LUCKNOW: Leaving the workplace in a huff, the Covid-19 scare, an uncertain future, joblessness, financial crunch and a sense of abandonment pushed many of the UP migrants, who had returned to Uttar Pradesh, to the brink. They found it difficult to cope with the unexpected emergent scenario. Result: Many recoiled, slipped into depression, had bouts of anxiety, and were clueless about the life ahead.
Many who could not make peace with the situation took the extreme step. However, the unprecedented situation called for intervention by mental health experts and psychologists to provide relief to those who failed to come to grips. Consequently, the UP government collaborated with UNICEF and mental health experts were roped in across the state to address the mental issues faced by migrants and others.
According to Dinesh Kumar, Child Protection Officer, UNICEF, in all 37,681 migrant workers -- 30,828 males and 6853 females -- have been extended psychological support so far across the state.
Following the sudden lockdown since March 25, migrants workers, who had started returning to their hometowns in hordes walking hundreds of miles facing all the possible hardships of the arduous journey, went through the bouts of depression and anxiety.
Sukesh Kant, 50, of Lakhimpur Kheri tried to commit suicide by jumping in front of the train but was saved by a whisker. Suffering from acute depression, he was disappointed and disillusioned with life. He had returned from Surat where he worked in a textile mill after it was shut. He was angry with the government for announcing back to back lockdowns rendering him jobless as he had a family of eight to feed.
Similarly, Brijendra Gupta of Kanpur Dehat tried to end his life by drinking pesticide. Gupta, who was working as a security guard in a company in Delhi, returned home after it was shut down. He had the anxiety of being penniless. He was saved and later during a counselling session claimed that he tried to end life as he was unemployed and had a wife, four children and an unwell mother to take care of. He said that though he got wheat and rice from the government ration shop, it was not enough to feed his family. He said he was left penniless and unable to buy other essential commodities and medicines for his mother.
UP received around 35 lakh migrant labourers from different states across the country. Scores of them faced issues related to mental health ranging from depression to anxiety.
A study conducted recently by a team of Indian Psychiatry Society (IPS) claimed that there had been an almost 20% rise in mental illness during the crisis. Not only the migrants but also those who had been living back at home with children stranded in other states also faced similar bouts of anxiety.
With more and more instances of mental illness coming to fore, the State Government collaborated with UNICEF and roped in counsellors for providing mental health solutions to people during lockdown and quarantine.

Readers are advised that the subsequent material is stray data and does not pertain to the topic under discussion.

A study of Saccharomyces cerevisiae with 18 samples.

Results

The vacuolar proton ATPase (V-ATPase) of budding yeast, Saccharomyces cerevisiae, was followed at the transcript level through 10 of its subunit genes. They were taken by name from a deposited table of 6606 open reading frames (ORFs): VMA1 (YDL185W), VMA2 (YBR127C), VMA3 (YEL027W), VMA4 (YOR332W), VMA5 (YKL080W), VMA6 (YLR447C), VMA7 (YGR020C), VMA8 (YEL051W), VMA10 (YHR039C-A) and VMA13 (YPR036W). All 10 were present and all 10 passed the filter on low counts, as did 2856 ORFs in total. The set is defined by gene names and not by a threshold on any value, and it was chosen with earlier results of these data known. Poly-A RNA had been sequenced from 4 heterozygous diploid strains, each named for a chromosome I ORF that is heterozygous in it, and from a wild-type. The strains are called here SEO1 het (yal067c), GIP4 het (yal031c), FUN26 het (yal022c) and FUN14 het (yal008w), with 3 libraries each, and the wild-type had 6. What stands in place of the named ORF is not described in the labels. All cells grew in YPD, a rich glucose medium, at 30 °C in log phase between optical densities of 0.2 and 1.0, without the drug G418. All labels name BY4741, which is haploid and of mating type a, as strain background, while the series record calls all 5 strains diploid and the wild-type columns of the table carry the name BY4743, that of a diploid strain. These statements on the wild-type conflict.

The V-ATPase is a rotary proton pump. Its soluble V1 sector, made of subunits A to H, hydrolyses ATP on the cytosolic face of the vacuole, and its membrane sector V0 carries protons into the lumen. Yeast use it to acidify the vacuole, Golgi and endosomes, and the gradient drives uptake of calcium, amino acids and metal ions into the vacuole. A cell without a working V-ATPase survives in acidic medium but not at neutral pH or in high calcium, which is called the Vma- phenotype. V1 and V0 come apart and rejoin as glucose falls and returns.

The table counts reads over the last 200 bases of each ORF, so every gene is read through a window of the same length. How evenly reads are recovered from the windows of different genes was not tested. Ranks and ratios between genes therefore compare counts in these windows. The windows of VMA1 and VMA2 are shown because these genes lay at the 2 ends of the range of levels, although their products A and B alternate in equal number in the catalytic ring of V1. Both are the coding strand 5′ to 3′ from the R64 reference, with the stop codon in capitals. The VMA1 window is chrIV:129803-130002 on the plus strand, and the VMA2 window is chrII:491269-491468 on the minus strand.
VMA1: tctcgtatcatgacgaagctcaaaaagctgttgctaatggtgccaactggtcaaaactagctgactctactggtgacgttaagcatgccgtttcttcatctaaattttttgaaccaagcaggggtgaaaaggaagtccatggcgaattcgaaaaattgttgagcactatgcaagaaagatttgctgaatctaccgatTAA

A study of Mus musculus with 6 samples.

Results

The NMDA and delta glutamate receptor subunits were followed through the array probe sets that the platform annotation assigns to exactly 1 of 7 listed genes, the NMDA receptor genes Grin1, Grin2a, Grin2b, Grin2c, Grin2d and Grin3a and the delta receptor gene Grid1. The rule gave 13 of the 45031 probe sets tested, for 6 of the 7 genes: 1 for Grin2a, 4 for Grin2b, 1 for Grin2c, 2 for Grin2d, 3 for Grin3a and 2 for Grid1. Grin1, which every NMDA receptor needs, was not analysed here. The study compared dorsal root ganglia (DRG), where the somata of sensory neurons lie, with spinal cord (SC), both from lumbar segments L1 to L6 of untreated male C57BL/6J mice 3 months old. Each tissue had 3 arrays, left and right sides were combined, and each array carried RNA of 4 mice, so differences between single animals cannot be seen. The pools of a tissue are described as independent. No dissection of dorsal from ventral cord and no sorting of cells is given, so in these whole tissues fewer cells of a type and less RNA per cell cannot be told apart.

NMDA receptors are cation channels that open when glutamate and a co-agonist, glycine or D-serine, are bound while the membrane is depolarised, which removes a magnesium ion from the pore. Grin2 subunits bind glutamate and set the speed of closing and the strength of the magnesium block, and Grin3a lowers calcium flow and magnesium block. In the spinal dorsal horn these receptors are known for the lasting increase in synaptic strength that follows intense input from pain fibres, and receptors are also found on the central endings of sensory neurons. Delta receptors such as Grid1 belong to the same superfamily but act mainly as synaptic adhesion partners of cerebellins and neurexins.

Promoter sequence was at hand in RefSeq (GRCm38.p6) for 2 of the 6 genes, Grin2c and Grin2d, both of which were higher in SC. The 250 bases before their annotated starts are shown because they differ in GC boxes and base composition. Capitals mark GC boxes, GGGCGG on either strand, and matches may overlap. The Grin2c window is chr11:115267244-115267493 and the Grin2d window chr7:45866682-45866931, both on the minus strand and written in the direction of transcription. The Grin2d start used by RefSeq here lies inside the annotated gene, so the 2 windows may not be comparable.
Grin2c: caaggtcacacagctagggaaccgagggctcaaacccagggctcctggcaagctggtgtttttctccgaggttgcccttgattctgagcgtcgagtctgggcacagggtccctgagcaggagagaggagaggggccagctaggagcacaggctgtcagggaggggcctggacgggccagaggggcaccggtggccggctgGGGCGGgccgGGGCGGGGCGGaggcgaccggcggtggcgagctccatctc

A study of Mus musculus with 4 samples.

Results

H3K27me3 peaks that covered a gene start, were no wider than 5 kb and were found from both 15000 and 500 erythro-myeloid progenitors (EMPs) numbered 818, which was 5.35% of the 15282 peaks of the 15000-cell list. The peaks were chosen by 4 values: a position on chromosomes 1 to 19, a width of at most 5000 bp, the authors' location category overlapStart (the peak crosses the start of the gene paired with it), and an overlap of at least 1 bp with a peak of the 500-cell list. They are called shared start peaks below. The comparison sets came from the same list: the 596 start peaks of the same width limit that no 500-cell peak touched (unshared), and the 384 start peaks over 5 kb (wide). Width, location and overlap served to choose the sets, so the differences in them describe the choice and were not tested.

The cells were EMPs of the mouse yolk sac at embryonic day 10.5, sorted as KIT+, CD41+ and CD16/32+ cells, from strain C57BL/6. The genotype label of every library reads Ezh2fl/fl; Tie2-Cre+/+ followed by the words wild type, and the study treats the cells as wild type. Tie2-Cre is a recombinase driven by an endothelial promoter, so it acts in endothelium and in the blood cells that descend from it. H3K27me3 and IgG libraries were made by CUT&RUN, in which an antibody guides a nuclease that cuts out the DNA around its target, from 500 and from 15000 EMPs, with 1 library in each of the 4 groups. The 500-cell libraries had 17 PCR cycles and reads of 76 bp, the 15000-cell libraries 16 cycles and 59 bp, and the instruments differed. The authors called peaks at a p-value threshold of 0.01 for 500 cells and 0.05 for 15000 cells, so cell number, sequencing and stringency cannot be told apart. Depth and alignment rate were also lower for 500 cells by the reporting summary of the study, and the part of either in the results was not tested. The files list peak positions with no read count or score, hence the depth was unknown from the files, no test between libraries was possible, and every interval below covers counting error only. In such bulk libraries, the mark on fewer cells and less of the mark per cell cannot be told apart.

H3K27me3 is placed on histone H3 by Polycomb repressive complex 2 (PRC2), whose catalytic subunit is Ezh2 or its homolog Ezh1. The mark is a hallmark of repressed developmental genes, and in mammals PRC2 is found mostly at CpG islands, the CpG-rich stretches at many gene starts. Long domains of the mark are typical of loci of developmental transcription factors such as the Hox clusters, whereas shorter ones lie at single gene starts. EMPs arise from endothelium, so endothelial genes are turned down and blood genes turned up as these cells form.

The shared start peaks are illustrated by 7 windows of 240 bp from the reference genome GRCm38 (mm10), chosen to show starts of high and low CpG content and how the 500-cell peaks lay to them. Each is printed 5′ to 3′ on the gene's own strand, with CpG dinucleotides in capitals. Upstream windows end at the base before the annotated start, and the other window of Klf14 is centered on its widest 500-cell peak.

To address the issues, UNICEF collected a pool of experts that included practising psychologists, psychiatrist and academicians working in psychology. The counsellors for Mental Health and Psychological Support were oriented to help outpatients in context with COVID.
According to Dinesh Kumar, the volunteers function along with workers of National Health Mission. Moreover, a helpline number 1800-180-5145 was issued. A government order was issued on April 2 directing the mental health workers to counsel those housed in relief camps and quarantine centres.
Every District magistrate across 75 districts of the state was sent contact numbers of 75 counsellors to be made available to the public. A migrant labourer from eastern UP was facing acute depression and he called up at helpline number. He was attended by a psychologist who calmed him down and convinced him that there would be adequate essential supplies and he would soon get back to his job, said a senior government official of the labour department, the nodal agency for ensuring psychological support to migrant labourers.
According to officials, the contacts of the professionals are their own personal numbers that were released to move beyond “helplines” and give a “personal touch” to the counselling.
Narrating the plight of the migrants, one of the counsellors shared that many of the migrants had fears that the lockdown would continue forever. For many others, quarantine centres were no less than jails. As they were feeling helpless and trapped, the counsellors on their part provide assurances and use
professional techniques to address mental issues.
The psychological support was extended for anyone and not specifically to those in quarantine. So many people in lockdown just want to have a conversation because several of them are alone, away from their homes to ease their anxiety, said the officials.